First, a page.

A threat has been amassing forces from across time and universes. Their plan is to finally free humanity from their dependency on these so-called heroes. All these beings do is bring about pain and destruction everywhere they go, solving no issues and bringing no peace to the world. Instead, this being will bring the hero community to its knees, and finally help society reach its true potential. The Age of Heroes is over.
The Comicbook DispatchThis crossover was exciting, but more explanation needed to be given, and several heroes seemed to be underutilized. Hopefully, this will spawn more Arrowverse comics in the future, especially since most of these shows have since gotten canceled anyway.
Women Write About Comics - WWAC
Geek DadThe cameos are great, and some characters like Superman get fairly profound moments. The cliffhanger is strong, but seems unlikely to ever be followed up on, which leaves us in a weird place as it wraps.
Superman HomepageWhile the ending of this story arc, which started in "Earth Prime #1," is action packed, the reader is thrown into a story that's been months in the making. I suppose reading the other issues would help. But while I read the "Superman & Lois" book as well as "Legends of Tomorrow" and "The Flash" ones, other then some introductions it doesn't seem to fill the gap. The Legends book I read only for preparation for this review and it was almost incomprehensible. I suppose if I watched the show I'd understand more. It also doesn't explain why Clark isn't Superman and is reluctant to help. The whole book seems to be a test for Impulse and XS (which they pass). It also ends on a cliffhanger wondering if Evil Superman will return. Considering most of the Arroverse shows have been canceled I wonder if these characters will return in comic book form? Also there's a backup with Cisco and Phantom Girl which ends in a cliffhanger to be continued in "The Flash" next season. With all that, there is plenty of action and it's fun to read these characters in a comic book world.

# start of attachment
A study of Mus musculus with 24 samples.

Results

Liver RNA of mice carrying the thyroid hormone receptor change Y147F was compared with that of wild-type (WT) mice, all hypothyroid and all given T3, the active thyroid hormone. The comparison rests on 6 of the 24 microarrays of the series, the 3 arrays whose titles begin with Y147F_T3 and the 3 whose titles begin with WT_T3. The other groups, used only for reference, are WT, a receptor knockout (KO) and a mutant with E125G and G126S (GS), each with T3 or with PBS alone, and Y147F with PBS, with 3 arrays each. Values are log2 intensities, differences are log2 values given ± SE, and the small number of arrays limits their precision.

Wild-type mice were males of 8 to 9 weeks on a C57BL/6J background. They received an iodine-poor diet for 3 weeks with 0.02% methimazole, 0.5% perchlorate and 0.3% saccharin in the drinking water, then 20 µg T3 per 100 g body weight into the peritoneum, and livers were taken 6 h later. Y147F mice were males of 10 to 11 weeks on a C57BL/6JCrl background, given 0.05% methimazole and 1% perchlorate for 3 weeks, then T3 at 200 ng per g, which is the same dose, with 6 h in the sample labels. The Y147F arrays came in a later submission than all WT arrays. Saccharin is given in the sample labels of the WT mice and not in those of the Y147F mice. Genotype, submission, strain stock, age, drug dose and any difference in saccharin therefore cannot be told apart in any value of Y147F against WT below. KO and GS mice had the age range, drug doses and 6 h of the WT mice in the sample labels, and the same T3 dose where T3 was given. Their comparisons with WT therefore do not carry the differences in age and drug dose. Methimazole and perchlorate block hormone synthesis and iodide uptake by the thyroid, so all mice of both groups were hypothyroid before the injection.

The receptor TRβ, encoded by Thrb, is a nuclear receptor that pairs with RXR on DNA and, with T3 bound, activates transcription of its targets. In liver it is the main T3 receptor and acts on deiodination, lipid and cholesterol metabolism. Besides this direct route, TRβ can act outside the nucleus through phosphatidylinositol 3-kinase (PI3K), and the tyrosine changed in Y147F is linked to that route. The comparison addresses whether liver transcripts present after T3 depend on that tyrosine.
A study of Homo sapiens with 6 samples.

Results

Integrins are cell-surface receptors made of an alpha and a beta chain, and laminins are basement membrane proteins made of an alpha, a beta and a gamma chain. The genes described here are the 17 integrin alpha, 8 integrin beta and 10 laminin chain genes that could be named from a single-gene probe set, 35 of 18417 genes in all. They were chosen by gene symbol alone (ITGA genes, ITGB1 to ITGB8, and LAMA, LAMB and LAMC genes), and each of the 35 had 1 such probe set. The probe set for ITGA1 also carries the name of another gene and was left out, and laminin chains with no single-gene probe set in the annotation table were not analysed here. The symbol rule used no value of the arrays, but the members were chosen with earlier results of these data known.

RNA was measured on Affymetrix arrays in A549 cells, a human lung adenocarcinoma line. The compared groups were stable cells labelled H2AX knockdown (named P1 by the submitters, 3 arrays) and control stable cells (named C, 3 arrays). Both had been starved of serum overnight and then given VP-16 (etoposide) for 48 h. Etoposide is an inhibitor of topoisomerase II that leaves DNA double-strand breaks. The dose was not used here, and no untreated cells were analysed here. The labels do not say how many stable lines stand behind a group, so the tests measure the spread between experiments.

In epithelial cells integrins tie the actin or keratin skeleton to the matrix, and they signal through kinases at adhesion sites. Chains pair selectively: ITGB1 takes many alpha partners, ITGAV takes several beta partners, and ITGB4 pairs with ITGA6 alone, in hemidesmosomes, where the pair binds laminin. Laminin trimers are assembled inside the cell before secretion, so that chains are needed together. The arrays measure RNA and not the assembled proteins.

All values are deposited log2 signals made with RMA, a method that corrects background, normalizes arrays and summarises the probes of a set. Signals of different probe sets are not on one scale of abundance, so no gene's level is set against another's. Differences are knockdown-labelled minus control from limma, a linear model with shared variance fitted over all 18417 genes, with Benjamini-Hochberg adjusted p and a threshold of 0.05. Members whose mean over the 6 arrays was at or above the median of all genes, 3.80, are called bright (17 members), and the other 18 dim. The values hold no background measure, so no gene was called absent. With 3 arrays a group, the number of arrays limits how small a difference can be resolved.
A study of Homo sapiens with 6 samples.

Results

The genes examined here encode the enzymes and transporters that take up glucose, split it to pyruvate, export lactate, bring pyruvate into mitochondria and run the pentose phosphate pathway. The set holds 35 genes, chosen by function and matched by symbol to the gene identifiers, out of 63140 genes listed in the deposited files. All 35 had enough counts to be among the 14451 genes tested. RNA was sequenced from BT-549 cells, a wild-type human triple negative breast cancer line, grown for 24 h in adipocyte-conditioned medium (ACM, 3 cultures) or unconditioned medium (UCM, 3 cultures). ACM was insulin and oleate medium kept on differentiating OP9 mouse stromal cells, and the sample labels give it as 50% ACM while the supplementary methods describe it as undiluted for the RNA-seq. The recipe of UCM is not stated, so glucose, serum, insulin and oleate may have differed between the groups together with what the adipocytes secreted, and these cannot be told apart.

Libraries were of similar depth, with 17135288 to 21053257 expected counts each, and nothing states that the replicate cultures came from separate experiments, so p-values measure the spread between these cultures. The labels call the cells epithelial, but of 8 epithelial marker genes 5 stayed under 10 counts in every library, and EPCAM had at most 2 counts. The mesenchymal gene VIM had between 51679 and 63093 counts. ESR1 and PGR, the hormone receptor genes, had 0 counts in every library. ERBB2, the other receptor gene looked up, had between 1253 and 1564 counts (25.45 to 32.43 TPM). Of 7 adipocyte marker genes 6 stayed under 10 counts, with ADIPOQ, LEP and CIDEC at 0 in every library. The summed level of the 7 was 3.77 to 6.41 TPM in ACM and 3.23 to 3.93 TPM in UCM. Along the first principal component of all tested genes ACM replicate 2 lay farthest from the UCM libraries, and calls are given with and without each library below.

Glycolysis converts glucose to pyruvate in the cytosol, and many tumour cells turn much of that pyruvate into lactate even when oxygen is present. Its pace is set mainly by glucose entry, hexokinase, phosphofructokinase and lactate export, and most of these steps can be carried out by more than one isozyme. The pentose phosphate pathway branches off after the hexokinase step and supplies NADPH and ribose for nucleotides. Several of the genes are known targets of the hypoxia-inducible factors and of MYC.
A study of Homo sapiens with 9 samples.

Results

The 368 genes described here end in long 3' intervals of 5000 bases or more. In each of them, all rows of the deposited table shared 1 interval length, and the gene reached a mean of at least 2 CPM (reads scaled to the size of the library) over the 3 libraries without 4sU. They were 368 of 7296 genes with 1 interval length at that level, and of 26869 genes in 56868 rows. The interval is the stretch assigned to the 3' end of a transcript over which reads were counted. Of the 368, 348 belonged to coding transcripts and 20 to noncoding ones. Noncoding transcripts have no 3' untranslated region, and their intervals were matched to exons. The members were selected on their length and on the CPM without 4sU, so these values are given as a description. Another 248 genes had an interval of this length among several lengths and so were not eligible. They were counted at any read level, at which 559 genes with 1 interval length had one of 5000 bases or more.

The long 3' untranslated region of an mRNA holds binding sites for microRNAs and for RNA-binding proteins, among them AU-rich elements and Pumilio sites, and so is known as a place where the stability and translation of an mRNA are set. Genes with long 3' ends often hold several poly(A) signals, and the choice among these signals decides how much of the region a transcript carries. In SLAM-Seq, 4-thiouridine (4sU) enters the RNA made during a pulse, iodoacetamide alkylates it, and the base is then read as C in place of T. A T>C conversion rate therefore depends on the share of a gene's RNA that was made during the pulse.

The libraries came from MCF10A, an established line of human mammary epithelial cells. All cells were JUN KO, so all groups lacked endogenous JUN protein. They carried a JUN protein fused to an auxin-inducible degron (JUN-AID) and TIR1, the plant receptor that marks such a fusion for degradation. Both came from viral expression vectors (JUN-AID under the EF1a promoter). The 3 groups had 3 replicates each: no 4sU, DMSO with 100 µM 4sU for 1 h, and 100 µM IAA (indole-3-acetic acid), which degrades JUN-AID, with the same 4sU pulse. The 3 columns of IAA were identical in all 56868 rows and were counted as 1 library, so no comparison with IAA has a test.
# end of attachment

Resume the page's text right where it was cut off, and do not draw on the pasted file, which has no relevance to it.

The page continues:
ComicBook.comI could write so many words about the narrative decisions of Earth-Prime #6 , the culmination of the comic event spinning out of the tales of The CW's various DC television shows. If these bizarre and borderline-laughable decisions were brought to life in live-action, similarly to the previous Arrowverse crossovers, they would be debated about amongst fans for months on end. But in the packaging of Earth-Prime #6, it's even more baffling to behold. The comic itself is chock-full of painful pacing and dialogue, a good chunk of which feels incredibly patronizing to both the characters involved and the reader themselves. The art, similarly, is filled with inconsistent, busy renderings of supersuits new and old (one character had a comic-accurate cosmetic change that I didn't even register until two-thirds of the way through the issue). There are a very small amount of bright spots in this issue, but it is by and large one of the most disappointing final issues I've read in recent memory.